Grandma did the morning work: scrubbed the stairs, made the beds, dusted chairs, washed dishes, polished windows, hung the laundry and brought it in. She made over dresses for my mother, turned the collars of Grandpa’s shirts. She repaid her passage, put flowered china on layaway and paid a little every week from her work constructing corsets and pressing sheets. It took another year to earn enough for Bobby, the bisque baby doll she bought since she never had a boy.
If it’s clean, mended and paid for you don’t have to be ashamed.
She married a man from home whose German family name meant “Grief.” I have a photo of him, with other men, hard and earnest in their aprons and caps, standing on the steps of the Cleveland steel works. He got slivers of metal in his hands; every night my mother picked them out. He could fight in German, Polish, Russian, but English always slipped away.
You must walk to show the world you’re glad to be alive.
Grandma bought live geese and ducks at the market and carried them home in a basket. Mother remembered those streetcar rides, the frantic squawks, how the other passengers smiled.
Grandma made duck’s blood soup, Blutwurst, Kugel with cinnamon and egg. Strudel, Apfelkuchen, Stollen; Hassenpfeffer from Mother’s pet rabbit. Christmas, there were thick slabs of Lebkuchen with tissue paper pictures pasted on.
A thin cook should be buried under the back steps so everyone can walk on her.
Grandma taught Sunday School for forty years. I have her bibles, hymnals and Luther’s Catechism, her German glass picture with the Lord’s Prayer, a primrose, butterflies, a bird.
You must never swing your legs in church. That’s giving the devil a ride.
Grandma had roses, lilies, calamus growing dense in front of the storied house. I helped her step on ants my one trip to Cleveland, the summer I was four. She took me to visit all her friends and made me play “Volga Boatman” on their upright pianos. She gave me a pink seashell and a tiny doll in a handmade red silk dress. She gave me a record she made for me about her father and the fourteen pears.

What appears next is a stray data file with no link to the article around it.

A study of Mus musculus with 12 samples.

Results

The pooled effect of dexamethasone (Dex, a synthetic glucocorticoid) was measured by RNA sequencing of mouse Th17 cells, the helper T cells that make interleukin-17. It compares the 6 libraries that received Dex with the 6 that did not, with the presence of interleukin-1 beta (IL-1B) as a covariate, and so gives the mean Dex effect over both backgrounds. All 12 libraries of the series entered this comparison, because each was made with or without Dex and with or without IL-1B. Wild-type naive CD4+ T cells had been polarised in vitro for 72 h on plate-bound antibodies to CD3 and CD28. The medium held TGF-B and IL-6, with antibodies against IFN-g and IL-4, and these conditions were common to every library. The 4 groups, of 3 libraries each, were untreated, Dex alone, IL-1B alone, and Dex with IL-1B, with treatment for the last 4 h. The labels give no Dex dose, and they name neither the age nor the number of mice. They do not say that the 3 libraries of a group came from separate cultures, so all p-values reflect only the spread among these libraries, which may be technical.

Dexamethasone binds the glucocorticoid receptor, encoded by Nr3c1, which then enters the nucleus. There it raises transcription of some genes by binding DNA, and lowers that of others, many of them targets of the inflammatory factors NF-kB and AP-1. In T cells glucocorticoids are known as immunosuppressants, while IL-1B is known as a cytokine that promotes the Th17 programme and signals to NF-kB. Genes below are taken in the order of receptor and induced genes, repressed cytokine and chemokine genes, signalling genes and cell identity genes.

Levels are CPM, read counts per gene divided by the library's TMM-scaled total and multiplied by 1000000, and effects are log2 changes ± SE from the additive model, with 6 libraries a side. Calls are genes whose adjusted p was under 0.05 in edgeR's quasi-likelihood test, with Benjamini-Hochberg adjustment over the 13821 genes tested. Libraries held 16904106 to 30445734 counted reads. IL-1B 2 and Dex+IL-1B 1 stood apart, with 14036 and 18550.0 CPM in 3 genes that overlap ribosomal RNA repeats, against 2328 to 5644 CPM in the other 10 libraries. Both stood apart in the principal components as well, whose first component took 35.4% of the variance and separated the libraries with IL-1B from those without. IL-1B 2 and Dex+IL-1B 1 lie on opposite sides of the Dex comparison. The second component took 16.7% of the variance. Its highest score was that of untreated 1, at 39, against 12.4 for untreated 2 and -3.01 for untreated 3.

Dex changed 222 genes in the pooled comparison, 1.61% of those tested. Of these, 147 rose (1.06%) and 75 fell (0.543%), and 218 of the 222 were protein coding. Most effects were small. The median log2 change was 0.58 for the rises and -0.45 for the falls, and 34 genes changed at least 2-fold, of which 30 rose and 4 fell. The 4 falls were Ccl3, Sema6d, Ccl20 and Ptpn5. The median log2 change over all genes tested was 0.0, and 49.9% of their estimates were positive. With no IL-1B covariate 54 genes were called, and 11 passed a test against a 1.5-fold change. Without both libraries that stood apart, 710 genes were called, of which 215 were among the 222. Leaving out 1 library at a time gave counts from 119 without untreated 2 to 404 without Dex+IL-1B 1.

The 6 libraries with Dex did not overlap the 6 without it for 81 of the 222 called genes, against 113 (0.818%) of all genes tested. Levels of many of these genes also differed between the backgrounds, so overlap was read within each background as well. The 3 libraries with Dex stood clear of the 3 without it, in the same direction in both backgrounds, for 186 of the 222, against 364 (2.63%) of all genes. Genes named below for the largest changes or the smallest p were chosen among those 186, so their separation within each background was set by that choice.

Don’t praise the children. You’ll put on the evil eye
I have a photo of Grandma picking lilacs. “That’s what she’s doing in Heaven,” Mother said. I have a photo of Grandma standing on her grave. She’s wearing a black dress and heavy shoes,her hair in a braid around her head. She’s smirking at the camera. Mother took the photo because Grandma wanted it.
Grandma sent to Poland for Grandpa’s favorite brother, Emil, who died of typhoid three months after he arrived. Grandpa never forgave her. Three months Grandpa was in the hospital, depressed, while Grandma ironed and sewed and shoveled horse manure from the streets to spread on her flowers.
Old woman had no troubles so she bought herself a pig.
When Mother was old, she told about the screaming, the aborted son and the blue days Grandma spent wrapped in her red shawl, weeping in her rocker by the stove.
Some days I can’t get out of my own way.